Chromosera cyanophylla

Scientific nameChromosera cyanophylla (Fr.) Redhead,
Ammirati, & Norvell
Derivation of nameCyan- means "blue" and phylla means
"leaves" (i.e., gills).  
SynonymsAgaricus cyanophyllus Fr.; Mycena lilacifolia
(Peck) A.H. Sm.
Common name(s): ? 
Phylum:   Basidiomycota
Order:   Agaricales
Family:   Hygrophoraceae
Occurrence on wood substrate: Saprobic; scattered or in
groups on rotting conifer wood, particularly balsam fir (Abies
balsamea
) and hemlock (Tsuga canadensis); May to
October. 
Dimensions: Caps 0.6 to 2.5 cm wide; stipes 1-4 cm long
and 1-2 mm thick.  
Cap: Surface slimy (viscid) and lilac-colored when young,
soon turning bright yellow to pale yellow with a paler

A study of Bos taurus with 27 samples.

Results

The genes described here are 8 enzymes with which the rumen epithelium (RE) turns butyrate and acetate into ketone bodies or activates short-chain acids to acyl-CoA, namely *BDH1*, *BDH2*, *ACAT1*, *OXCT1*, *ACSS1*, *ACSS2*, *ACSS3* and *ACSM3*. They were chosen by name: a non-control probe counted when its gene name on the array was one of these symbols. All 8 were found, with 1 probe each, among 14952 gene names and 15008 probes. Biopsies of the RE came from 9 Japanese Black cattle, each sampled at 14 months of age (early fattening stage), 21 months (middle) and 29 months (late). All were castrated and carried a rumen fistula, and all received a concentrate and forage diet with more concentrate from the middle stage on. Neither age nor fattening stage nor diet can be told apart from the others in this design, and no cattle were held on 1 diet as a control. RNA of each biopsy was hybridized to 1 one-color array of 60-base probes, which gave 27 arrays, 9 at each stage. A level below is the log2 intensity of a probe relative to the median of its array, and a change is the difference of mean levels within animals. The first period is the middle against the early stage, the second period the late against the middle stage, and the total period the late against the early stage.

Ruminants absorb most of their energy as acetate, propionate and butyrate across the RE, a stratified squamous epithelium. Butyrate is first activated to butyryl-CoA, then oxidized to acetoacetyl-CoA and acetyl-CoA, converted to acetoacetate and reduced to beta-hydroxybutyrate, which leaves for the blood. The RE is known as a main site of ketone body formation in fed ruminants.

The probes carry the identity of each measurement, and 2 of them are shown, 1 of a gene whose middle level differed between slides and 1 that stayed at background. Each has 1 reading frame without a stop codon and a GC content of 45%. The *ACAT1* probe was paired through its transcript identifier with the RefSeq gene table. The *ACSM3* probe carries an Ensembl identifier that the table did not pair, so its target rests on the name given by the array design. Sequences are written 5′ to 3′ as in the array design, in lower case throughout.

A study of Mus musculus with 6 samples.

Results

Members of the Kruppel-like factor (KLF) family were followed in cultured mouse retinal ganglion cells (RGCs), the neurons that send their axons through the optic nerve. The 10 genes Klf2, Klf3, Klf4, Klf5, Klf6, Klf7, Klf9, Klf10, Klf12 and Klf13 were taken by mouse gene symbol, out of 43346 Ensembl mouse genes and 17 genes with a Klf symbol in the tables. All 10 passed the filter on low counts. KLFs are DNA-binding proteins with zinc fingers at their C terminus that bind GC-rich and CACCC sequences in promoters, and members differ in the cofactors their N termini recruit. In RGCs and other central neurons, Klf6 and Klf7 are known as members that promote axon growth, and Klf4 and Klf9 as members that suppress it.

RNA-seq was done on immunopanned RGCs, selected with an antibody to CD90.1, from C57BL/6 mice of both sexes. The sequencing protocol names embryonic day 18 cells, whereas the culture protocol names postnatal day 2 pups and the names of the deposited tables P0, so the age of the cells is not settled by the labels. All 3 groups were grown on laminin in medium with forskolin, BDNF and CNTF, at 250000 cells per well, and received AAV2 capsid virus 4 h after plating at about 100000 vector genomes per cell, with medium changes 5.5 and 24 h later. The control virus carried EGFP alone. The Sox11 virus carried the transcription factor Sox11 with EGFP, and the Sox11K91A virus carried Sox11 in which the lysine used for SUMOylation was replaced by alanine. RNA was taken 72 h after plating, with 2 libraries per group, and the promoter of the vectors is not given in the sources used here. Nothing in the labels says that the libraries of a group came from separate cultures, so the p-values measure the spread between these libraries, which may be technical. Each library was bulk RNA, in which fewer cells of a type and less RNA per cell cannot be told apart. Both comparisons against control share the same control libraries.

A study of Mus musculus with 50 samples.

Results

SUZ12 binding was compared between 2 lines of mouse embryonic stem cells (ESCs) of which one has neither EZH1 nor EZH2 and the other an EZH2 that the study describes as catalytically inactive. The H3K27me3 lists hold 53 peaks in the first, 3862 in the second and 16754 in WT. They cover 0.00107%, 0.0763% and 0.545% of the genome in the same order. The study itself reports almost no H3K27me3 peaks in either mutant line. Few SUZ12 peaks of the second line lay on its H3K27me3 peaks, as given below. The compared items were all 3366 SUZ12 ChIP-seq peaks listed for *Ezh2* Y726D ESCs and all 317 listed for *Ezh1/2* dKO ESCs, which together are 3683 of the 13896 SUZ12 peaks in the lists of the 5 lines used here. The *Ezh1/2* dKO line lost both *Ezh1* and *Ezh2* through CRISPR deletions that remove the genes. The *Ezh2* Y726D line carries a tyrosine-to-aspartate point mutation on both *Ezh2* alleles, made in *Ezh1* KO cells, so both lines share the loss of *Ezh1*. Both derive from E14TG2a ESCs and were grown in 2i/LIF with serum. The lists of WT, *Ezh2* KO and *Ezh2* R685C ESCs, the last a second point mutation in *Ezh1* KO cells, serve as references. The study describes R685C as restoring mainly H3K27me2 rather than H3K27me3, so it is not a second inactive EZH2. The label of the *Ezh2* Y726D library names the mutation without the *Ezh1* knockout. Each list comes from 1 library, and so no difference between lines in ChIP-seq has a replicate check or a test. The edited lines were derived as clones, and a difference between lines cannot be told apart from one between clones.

margin.        
Gills: Decurrent to subdecurrent; lilac when young,
becoming whitish to pale yellowish at maturity. 
Spore print: White.
Stipe: Slimy when moist; lilac at first, fading to pale yellow;
base often with lilac mycelium.
Veil: None.
Edibility: Unknown.
Comments: Unfortunately, the lilac (violet) color soon
fades (sometimes completely) from all parts of this species,
complicating identification. The slimy cap, decurrent gills, and
growth on conifer wood are important field traits, particularly
when the color has faded.  


Figure 1. Chromosera cyanophylla on a hemlock log.
Photo © Gary Emberger.


Figure 2. The gills and other parts of the mushroom are
conspicuously lilac when young. Photo © Gary Emberger.


Figure 3. Chromosera cyanophylla has decurrent gills.
Photo © Gary Emberger.


Figure 4. The lilac color quickly fades from the caps and
stalks. Photo © Dianna Smith.


Figure 5. At maturity, there may be little or no trace of the
lilac coloration. Photo © Steve Nelsen.